New York Daily News logo New York Daily News 12/10/2020 Theresa Braine

A Michigan high school student who was required to take the SAT in person despite the pandemic became infected with coronavirus.

Officials at Bloomfield Hills High School, about 25 miles northwest of Detroit, told the family that the SAT was a state requirement in order to graduate, the Detroit Free Press reported.

a large brick building: Bloomfield Hills High School © Google Bloomfield Hills High School

Bloomfield Hills High School (Google/)

The girl took the SAT in September with the rest of her class while wearing two masks atop each other, the Free Press said. Her mother is in a high-risk category for COVID complications.


And then the 17-year-old high school senior tested positive. She proceeded to spend two months quarantining from her mother while recovering in her bedroom, the Free Press said.

She was not only extremely fatigued, but also anxious at the thought of passing the potentially deadly disease on to her mother.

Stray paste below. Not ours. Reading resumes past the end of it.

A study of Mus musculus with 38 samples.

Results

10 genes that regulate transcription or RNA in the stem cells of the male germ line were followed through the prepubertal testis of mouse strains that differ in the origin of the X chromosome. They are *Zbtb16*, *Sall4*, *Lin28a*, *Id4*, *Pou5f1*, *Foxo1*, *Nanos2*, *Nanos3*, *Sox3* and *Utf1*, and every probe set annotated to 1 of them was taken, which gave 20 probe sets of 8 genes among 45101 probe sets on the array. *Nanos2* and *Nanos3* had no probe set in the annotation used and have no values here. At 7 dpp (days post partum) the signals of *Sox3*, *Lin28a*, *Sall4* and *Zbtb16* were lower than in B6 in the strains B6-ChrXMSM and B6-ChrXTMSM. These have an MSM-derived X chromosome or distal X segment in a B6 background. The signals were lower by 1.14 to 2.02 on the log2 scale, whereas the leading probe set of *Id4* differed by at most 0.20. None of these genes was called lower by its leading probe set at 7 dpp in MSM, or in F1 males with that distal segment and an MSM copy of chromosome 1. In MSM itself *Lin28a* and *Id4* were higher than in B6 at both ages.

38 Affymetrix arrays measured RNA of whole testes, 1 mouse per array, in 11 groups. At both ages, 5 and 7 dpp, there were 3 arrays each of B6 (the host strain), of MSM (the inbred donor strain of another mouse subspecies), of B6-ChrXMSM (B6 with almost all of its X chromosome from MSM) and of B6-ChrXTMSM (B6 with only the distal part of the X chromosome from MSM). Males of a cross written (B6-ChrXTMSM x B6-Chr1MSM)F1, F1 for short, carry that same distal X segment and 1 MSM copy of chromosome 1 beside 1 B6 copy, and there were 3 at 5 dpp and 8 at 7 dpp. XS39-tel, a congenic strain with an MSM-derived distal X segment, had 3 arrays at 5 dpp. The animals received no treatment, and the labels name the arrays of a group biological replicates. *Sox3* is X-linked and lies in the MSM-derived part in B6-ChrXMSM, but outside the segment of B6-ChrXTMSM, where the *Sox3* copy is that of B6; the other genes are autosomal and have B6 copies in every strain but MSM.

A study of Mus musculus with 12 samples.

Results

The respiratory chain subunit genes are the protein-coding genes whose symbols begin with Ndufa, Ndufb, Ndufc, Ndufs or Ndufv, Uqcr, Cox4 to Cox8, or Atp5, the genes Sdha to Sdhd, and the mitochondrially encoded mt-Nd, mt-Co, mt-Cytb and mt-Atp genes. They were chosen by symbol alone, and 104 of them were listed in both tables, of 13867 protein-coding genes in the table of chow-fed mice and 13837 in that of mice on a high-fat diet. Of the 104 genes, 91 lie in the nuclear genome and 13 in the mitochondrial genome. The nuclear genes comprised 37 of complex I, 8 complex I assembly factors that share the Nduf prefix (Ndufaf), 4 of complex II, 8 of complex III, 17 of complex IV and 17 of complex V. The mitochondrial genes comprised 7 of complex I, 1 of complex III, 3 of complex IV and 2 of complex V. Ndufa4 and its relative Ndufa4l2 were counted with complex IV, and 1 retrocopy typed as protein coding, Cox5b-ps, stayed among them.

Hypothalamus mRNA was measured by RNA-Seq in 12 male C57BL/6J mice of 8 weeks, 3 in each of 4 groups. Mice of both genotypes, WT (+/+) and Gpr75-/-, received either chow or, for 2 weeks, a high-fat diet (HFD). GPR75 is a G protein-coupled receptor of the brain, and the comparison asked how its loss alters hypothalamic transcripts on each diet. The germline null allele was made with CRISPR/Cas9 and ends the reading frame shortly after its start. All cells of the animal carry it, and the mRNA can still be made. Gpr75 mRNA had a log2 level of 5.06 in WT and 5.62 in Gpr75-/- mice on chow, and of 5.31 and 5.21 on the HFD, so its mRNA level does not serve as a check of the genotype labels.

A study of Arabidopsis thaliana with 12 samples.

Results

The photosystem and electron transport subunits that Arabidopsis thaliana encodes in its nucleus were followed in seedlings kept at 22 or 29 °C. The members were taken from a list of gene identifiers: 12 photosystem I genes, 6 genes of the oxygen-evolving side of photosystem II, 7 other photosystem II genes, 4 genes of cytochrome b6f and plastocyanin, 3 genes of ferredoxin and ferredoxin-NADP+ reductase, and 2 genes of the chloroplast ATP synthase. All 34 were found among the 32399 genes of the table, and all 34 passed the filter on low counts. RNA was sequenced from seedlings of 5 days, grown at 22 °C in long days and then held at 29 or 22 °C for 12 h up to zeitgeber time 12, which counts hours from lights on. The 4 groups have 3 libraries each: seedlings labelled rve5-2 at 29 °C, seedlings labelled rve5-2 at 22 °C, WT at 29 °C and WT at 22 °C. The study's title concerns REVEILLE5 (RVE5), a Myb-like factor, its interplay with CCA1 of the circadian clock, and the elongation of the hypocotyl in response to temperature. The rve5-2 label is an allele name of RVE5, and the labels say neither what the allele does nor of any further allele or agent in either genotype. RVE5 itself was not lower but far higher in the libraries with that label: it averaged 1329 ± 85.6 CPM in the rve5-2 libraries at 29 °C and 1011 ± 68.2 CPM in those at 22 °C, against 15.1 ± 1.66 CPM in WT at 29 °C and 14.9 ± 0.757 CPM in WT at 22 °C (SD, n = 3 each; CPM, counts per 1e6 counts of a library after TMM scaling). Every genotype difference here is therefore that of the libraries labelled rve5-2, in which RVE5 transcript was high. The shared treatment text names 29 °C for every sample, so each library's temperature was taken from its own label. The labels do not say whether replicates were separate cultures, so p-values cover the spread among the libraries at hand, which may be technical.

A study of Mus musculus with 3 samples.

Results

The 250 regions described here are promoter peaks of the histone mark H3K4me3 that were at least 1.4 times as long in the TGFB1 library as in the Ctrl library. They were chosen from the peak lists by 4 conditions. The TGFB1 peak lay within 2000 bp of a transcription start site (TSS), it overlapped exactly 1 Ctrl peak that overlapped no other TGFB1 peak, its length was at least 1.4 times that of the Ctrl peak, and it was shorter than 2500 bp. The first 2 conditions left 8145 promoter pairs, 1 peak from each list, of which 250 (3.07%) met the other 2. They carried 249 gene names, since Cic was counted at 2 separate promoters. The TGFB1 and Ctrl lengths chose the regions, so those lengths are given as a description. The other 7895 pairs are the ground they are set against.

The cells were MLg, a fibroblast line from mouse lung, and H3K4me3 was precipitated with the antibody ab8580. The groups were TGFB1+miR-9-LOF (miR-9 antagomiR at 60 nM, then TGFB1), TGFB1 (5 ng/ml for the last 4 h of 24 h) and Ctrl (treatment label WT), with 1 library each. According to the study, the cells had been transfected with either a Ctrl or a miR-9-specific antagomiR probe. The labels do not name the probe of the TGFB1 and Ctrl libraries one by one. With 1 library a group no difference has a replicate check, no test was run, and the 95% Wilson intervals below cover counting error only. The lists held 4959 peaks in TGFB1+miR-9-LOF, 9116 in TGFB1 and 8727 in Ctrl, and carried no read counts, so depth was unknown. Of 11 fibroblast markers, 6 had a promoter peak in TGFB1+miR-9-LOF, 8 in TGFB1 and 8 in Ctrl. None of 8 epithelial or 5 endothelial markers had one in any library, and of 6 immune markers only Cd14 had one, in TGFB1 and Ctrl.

Two of the girl’s friends had similar symptoms, though it wasn’t clear if they too had tested positive, the Free Press said.

It was not clear why the district required students to take the tests in person, given that many colleges and universities across the U.S. have waived such requirements, and the teen had already been accepted to several schools without the scores — which she is still waiting for, the Free Press said.

Administrators of the test said health and safety come first.

“This is a unique year,” a College Board spokeswoman told Inside Higher Ed at the end of November. “There are more important things than tests right now. Colleges and universities understand that due to COVID there are limited opportunities for students to take the SAT. Most aren’t requiring test scores for the upcoming admissions cycle, and they’re extending deadlines and/or accepting scores after deadlines pass for students who choose to submit them.”